Netflix hit the spot once again with their latest original series, Narcos. The series follows the rise of the “King of Cocaine” Pablo Escobar, and the DEA’s efforts to bring him to justice.
It traces the origins of Colombian “narcos” with a kilo or two of marijuana and corrupt policemen, right up to drug lords and an all-out war that would define the history of Colombia.
The series is played out mainly through the viewpoints of Escobar himself, played by Brazilian actor Wagner Moura in a brutal and chilling performance, and DEA agent Steve Murphy, played by Boyd Holbrook, who leaves Miami to take on Colombia’s notorious Medellín Cartel.
Murphy narrates each episode and this adds to the sense of intensity that runs throughout. The use of protagonists on both sides of the divide makes the story engaging and highly engrossing.
One of the opening scenes immediately sets the tone for the fast paced drama. We start at the infancy of Escobar’s drug operation, even at this stage he is powerful enough to brazenly drive multiple trucks packed with drugs through police checkpoints.
One police chief decides to take a stand by stopping one of the kingpin’s convoys, and what follows is an example of Moura’s excellent portrayal of Escobar.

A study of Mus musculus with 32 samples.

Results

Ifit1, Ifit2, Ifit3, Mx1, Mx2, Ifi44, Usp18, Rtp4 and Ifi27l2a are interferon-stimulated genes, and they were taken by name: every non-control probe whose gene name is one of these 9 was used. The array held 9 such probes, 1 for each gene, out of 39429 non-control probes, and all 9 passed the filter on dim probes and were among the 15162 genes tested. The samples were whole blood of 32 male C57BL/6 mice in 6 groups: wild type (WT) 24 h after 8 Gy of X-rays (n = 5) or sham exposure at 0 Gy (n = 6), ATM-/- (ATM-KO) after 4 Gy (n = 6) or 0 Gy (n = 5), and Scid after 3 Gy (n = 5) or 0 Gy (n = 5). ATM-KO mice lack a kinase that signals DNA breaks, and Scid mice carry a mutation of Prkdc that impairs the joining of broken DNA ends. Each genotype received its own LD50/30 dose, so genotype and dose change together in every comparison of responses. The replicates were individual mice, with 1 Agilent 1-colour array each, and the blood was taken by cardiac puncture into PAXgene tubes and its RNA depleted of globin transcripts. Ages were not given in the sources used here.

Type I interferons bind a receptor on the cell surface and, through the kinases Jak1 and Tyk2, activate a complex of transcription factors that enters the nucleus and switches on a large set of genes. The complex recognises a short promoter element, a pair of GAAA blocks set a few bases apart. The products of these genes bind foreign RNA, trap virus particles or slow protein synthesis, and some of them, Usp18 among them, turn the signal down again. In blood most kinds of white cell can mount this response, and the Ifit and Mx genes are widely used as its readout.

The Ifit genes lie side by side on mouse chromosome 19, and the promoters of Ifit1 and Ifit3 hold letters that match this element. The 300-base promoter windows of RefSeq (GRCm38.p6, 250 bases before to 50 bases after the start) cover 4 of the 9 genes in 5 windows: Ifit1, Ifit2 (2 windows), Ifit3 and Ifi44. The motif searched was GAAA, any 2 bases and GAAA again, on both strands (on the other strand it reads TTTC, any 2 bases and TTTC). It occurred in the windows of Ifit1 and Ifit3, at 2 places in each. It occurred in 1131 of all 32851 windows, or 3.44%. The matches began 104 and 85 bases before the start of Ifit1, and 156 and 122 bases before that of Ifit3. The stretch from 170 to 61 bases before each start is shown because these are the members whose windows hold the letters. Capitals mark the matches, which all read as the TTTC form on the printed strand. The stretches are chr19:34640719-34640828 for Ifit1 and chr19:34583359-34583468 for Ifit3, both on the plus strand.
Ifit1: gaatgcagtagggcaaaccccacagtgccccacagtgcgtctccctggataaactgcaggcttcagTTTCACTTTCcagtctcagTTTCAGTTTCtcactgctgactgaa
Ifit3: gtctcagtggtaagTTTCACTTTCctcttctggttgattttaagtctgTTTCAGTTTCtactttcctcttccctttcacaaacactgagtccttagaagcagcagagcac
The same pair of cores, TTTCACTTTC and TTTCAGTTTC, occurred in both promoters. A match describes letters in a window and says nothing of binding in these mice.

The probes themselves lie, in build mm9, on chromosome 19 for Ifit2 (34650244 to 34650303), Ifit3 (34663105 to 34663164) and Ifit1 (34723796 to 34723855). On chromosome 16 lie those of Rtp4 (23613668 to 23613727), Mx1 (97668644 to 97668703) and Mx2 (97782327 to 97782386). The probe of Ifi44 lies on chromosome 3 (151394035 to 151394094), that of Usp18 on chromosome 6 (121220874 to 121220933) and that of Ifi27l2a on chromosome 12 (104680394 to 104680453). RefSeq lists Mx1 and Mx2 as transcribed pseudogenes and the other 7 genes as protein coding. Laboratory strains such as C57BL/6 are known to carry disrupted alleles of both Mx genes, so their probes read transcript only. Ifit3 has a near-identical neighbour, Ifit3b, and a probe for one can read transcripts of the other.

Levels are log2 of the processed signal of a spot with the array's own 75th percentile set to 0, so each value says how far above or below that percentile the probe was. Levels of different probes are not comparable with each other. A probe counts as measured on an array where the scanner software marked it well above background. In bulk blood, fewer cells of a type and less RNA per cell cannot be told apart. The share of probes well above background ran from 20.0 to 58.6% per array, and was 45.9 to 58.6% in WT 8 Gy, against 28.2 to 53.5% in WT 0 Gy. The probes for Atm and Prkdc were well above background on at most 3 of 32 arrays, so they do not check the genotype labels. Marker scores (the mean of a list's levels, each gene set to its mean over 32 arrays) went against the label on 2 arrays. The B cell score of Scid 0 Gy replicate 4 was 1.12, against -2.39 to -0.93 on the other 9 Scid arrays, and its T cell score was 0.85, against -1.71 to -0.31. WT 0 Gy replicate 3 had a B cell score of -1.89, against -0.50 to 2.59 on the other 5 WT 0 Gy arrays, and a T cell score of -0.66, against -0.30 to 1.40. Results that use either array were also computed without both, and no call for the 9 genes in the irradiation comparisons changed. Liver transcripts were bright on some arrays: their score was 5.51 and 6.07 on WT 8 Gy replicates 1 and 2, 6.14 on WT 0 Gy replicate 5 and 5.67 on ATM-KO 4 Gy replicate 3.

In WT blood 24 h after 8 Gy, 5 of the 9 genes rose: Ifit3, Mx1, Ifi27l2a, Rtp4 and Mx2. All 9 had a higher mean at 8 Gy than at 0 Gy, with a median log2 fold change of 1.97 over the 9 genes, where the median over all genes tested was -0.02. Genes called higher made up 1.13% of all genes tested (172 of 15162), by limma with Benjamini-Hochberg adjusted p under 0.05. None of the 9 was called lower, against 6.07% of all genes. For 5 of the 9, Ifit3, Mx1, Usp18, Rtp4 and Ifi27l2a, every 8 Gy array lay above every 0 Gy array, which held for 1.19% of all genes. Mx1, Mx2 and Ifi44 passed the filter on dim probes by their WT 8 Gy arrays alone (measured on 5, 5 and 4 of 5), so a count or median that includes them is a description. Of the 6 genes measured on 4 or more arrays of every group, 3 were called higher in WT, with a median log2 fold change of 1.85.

One by one, he talks in terrifying detail about the families of each guard at the checkpoint wishing them well on the surface, but the chilling message is received loud and clear and Pablo’s trucks are shortly back on their merry way.
What Moura succeeds so well in doing is something great actors have done before him in portraying cold blooded killers, putting in a performance that captures their loathsome character, but also giving almost likeable aspects to them at the same time, which you will see in scenes between Escobar and his family. This paradox is similar in ways to Tom Vaughan Lawlor’s Nidge in Love/Hate.
While Moura is the star turn in Narcos, Pedro Pascal who co-stars as Mexican DEA Agent Javier Peña, puts in another excellent performance.
This will come as no surprise to Game of Thrones fans who will remember Pascal as Prince Oberyn. Peña becomes Murphy’s partner and is just as instrumental in the quest to bring down Escobar and the Medellín Cartel.
There is a feeling of authenticity to the ten episodes of Narcos, one key factor in this lies in the fact that it is mostly in Spanish with subtitles rather than English with phony Spanish accents.The only exception to this is Murphy’s narration and his exchanges with different characters.
Another nice touch is the intermittent use of real archival footage (often of Escobar himself) which gives the show an almost documentary-like feeling.
At its peak, Escobar’s cocaine trafficking operation was worth $50 billion a year, but the toll on his country was immeasurable with thousands upon thousands killed in drug wars.
Narcos gives the viewer an insight into the lavish lifestyle this afforded those in the cartels as well as the devastating effect it had on normal people. The show is extremely addictive so enjoy it before you’re waiting eagerly for season two.